Joan Mitchell is one of the greatest abstract painters of the 20th century. Based in Vétheuil, she painted for years surrounded by landscapes dear to Claude Monet.

Abstract Expressionism or Abstract Impressionism?

Joan Mitchell was the daughter of a doctor and amateur artist, who regularly took her to museums, and of a poet, co-editor of the prestigious journal Poetry. From 1944 to 1947, she studied at the School of the Art Institute of Chicago.

Settled in New York in 1949, she frequented the places where the artistic avant-garde met. She became friends with Willem de Kooning and Franz Kline and was accepted into the “Artist’s Club”, which they founded in 1949. Only a few women – including Elaine de Kooning, Lee Krasner and Helen Frankenthaler – were admitted. Between 1950 and 1958, Mitchell worked and exhibited in New York alongside other abstract expressionist painters such as Willem De Kooning, Robert Motherwell and Jackson Pollock.

The critic Clement Greenberg pointed out at the time that it was impossible for New York artists to ignore the work of Claude Monet. A large panel of his Water Lilies had just entered the Museum of Modern Art. Mitchell always denied the influence of the master Impressionist on her painting. Despite this, she was often associated with “Abstract Impressionism”, an expression coined by critic Louis Finkelstein to evoke this encounter between Monet’s late work and American abstraction.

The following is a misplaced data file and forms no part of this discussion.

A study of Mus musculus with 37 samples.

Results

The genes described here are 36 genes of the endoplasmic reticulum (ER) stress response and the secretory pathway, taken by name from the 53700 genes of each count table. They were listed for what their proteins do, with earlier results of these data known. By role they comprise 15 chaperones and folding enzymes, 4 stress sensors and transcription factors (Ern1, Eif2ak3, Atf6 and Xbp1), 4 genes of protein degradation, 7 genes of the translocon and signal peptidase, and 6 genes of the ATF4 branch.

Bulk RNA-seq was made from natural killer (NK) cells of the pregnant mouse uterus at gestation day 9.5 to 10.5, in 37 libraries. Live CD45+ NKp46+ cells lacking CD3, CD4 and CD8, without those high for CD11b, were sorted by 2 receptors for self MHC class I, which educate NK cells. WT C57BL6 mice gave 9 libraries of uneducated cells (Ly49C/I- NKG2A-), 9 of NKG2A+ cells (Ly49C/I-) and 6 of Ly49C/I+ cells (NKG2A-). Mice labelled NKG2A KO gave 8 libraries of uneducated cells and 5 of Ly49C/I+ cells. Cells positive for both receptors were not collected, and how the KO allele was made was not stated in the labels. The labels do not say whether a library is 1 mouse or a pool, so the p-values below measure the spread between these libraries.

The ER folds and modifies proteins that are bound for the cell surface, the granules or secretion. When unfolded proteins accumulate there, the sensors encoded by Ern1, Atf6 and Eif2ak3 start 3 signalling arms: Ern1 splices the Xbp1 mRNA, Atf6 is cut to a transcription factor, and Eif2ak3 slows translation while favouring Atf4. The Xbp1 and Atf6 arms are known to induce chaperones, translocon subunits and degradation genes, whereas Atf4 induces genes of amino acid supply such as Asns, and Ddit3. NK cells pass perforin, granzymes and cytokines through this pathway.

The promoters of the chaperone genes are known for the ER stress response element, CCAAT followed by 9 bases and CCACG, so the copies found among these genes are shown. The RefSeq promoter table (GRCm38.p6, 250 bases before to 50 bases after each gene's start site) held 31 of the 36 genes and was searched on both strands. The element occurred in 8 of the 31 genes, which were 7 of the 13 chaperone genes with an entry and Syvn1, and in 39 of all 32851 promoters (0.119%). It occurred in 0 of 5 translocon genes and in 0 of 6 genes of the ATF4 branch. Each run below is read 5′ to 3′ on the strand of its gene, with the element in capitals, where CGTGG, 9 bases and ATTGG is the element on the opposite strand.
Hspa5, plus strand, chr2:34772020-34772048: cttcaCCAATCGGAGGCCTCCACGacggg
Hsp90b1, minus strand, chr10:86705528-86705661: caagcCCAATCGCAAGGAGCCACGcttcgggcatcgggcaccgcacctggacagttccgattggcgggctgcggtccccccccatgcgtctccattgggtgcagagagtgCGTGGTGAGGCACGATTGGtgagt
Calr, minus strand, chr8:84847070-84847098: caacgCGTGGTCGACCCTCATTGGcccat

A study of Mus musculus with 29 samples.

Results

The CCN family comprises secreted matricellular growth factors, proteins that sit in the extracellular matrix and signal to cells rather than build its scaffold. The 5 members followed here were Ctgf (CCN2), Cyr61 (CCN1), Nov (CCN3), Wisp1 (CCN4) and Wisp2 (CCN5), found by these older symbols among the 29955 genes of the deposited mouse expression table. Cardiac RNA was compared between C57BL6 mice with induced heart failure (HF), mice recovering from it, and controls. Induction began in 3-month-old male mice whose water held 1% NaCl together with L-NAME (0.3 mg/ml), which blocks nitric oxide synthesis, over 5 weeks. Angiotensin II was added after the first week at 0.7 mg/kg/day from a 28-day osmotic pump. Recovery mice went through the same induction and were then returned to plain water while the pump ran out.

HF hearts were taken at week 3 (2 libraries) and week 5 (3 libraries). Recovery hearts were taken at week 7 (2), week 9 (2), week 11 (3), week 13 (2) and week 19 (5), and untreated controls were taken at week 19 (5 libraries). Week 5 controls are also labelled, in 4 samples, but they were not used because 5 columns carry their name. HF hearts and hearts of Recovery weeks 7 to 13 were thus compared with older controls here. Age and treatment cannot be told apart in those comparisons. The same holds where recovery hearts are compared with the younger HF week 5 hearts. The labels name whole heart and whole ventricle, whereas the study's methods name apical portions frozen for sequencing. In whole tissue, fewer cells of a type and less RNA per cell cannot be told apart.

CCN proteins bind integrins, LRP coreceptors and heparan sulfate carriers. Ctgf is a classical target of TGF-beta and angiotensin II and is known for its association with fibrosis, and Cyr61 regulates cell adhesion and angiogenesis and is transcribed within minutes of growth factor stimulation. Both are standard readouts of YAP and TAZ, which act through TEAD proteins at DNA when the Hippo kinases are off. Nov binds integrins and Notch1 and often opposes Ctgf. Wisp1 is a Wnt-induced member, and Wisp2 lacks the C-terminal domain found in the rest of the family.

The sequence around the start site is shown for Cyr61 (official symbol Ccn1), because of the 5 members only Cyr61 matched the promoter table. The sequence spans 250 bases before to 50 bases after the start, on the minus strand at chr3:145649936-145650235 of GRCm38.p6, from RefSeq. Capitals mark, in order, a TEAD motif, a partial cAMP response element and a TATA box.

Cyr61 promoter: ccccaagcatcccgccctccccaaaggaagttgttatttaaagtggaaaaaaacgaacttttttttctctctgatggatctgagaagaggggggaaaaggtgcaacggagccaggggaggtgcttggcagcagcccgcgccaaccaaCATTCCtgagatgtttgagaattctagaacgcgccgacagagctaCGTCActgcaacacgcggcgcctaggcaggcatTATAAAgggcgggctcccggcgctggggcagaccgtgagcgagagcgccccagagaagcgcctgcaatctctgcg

The studio in Vétheuil

In 1955, Joan Mitchell spent part of the summer in Paris, where she met several artists, including Sam Francis and Jean-Paul Riopelle, with whom she began a passionate relationship, which lasted until 1979. In 1959, Mitchell settled definitively in France. She lived in Paris with Riopelle, in a small apartment/studio, rue Frémicourt. In July 1967, Mitchell bought a house on the Seine, in Vétheuil. She lived their until the end of her life, close to a house which had been that of Claude Monet before he moved to nearby Giverny. In her Vétheuil studio, she painted series of polyptychs whose imposing format dominates the viewer.

As can be observed in her series Big Valley, Sunflowers or Fields, Joan Mitchell’s painting is immense, bright, dynamic and strongly references nature, which surrounded her studio in Vétheuil, with its wide views of the Seine.

Although Mitchell always refused to compare her paintings with Monet’s late work at Giverny, the two artists had several artistic concerns in common: the anchoring of their practice in an incessant observation of nature, their optical interest for colour and light, and the development of a monumental pictorial surface without a vanishing point, both frontal and transparent.